You are invited to the second event in the Information Interventions @ CUNY series:
To Catch a Predator: How to Recognize Predatory Journals and Conferences Friday, November 15, 2013, 10am – noon
The Graduate Center, Rooms C203/C204 (Concourse Level)
Refreshments will be served
Evaluating journal quality is increasingly difficult: there are many new journals and publishers. Some are predatory, claiming peer review where there is none and being far more interested in profit than the dissemination of high-quality scholarly information. (Many others are simply low quality — not predatory but not a desirable publishing venue for most scholars.) Predatory publishers have always existed but, due in part to the growth of online publishing, they are becoming more visible, more aggressive, and more important to understand.
Come learn about their spammy, scammy practices, as well as how to distinguish simply less-good publishers from truly predatory ones, why the existence of predatory publishers should not scare us away from open access publishing more generally, and how to respond when others conflate predatory and open access publishing.
The Sony Readers are pre-loaded with 25 open access and public domain books ranging from recent novels by Cory Doctorow to Solomon Northup’s Twelve Years a Slave (read it before/after seeing the movie!) to the Works of Edgar Allan Poe (great for Halloween!) — here is the complete list of titles.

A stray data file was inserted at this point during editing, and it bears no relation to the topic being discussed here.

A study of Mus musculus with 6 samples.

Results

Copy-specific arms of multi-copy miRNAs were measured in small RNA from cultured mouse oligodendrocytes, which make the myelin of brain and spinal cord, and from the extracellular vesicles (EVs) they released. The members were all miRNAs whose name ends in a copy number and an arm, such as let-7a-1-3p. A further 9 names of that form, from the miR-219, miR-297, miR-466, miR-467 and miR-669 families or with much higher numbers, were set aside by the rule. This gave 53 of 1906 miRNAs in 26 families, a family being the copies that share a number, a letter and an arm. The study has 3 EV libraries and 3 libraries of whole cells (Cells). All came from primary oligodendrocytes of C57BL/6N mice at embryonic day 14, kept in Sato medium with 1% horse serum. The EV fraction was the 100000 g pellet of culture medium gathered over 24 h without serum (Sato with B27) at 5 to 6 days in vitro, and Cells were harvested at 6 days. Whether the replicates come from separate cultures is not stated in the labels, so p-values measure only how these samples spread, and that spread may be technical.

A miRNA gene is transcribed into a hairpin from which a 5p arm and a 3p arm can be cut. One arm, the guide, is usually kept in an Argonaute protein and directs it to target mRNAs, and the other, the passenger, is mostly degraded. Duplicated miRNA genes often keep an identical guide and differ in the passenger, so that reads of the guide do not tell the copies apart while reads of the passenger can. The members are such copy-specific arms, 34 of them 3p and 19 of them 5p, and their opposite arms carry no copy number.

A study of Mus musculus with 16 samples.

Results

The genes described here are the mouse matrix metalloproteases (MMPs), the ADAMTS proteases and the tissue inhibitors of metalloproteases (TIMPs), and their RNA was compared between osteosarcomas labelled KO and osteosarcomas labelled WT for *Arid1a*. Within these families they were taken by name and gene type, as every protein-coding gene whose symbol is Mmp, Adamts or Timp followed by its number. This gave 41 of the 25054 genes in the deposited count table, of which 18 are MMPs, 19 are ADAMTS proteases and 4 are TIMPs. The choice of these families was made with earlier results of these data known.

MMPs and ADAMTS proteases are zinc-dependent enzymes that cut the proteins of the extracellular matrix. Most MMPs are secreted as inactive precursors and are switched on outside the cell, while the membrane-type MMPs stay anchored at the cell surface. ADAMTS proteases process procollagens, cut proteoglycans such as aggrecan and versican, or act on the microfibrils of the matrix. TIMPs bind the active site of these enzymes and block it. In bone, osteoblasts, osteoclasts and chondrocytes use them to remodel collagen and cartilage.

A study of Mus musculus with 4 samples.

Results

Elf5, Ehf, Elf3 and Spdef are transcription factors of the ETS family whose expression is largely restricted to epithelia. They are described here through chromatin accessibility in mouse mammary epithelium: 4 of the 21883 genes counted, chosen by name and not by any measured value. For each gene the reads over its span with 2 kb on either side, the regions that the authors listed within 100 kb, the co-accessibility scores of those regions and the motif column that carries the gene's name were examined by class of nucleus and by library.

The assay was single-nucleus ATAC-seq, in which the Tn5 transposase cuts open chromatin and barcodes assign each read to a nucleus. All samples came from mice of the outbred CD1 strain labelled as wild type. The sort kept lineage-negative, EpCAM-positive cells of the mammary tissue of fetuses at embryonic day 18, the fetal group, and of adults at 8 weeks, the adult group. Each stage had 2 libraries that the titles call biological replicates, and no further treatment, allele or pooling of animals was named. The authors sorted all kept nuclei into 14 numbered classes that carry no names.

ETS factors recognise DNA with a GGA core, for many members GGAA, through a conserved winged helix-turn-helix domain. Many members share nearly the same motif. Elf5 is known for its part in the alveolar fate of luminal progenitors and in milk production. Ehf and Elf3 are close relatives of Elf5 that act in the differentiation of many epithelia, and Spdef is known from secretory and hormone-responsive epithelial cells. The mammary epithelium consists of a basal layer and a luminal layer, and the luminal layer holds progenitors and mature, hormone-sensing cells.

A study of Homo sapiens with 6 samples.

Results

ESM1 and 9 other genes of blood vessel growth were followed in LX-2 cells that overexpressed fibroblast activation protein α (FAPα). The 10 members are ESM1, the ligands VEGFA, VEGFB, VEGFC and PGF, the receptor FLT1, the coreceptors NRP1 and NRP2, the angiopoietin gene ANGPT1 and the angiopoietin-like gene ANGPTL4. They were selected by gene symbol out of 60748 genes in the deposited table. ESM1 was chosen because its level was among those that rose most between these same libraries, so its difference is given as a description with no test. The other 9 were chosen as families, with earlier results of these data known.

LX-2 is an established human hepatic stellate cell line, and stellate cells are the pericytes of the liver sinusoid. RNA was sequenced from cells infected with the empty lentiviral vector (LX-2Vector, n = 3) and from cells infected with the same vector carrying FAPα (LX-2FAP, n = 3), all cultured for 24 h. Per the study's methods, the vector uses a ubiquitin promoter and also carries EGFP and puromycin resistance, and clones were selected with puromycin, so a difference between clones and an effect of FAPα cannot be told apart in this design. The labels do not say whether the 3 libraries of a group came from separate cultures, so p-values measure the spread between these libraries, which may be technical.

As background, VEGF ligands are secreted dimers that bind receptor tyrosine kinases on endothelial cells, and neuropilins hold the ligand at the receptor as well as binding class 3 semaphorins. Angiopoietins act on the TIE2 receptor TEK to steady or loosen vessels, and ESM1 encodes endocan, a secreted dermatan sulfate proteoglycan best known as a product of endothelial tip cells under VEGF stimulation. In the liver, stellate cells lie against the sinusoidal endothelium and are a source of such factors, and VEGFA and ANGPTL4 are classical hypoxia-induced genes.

If you’re not at LaGuardia Community College, that doesn’t mean you can’t read these books. They’re open access, so of course you can read them (see the list of titles for links to the full text) — you’ll just have to read them on your own device.
And of course there’s a dizzying array of blog posts, news, tweets, and other information about OA activities around the globe this week. Here are two that caught our eyes:
Open Access guru Peter Suber wrote a terrific article in The Guardian this week called Open Access: Six Myths to Put To Rest, a must-read for any open access fan who advocates for OA in their department, college, university, or profession.
Sarah Werner, a digital humanist who works at the Folger Shakespeare Library, wrote a great post on her blog about negotiating her contributor’s contract for a book chapter she authored. As Barbara Fister’s Library Babel Fish column in today’s Inside Higher Ed reminds us, book chapters often fall through the cracks when we talk about OA, and it’s great to see folks trying to free their work in books as well as journals.
Happy Open Access Week to all! Please share your thoughts, strategies, and observations in the comments.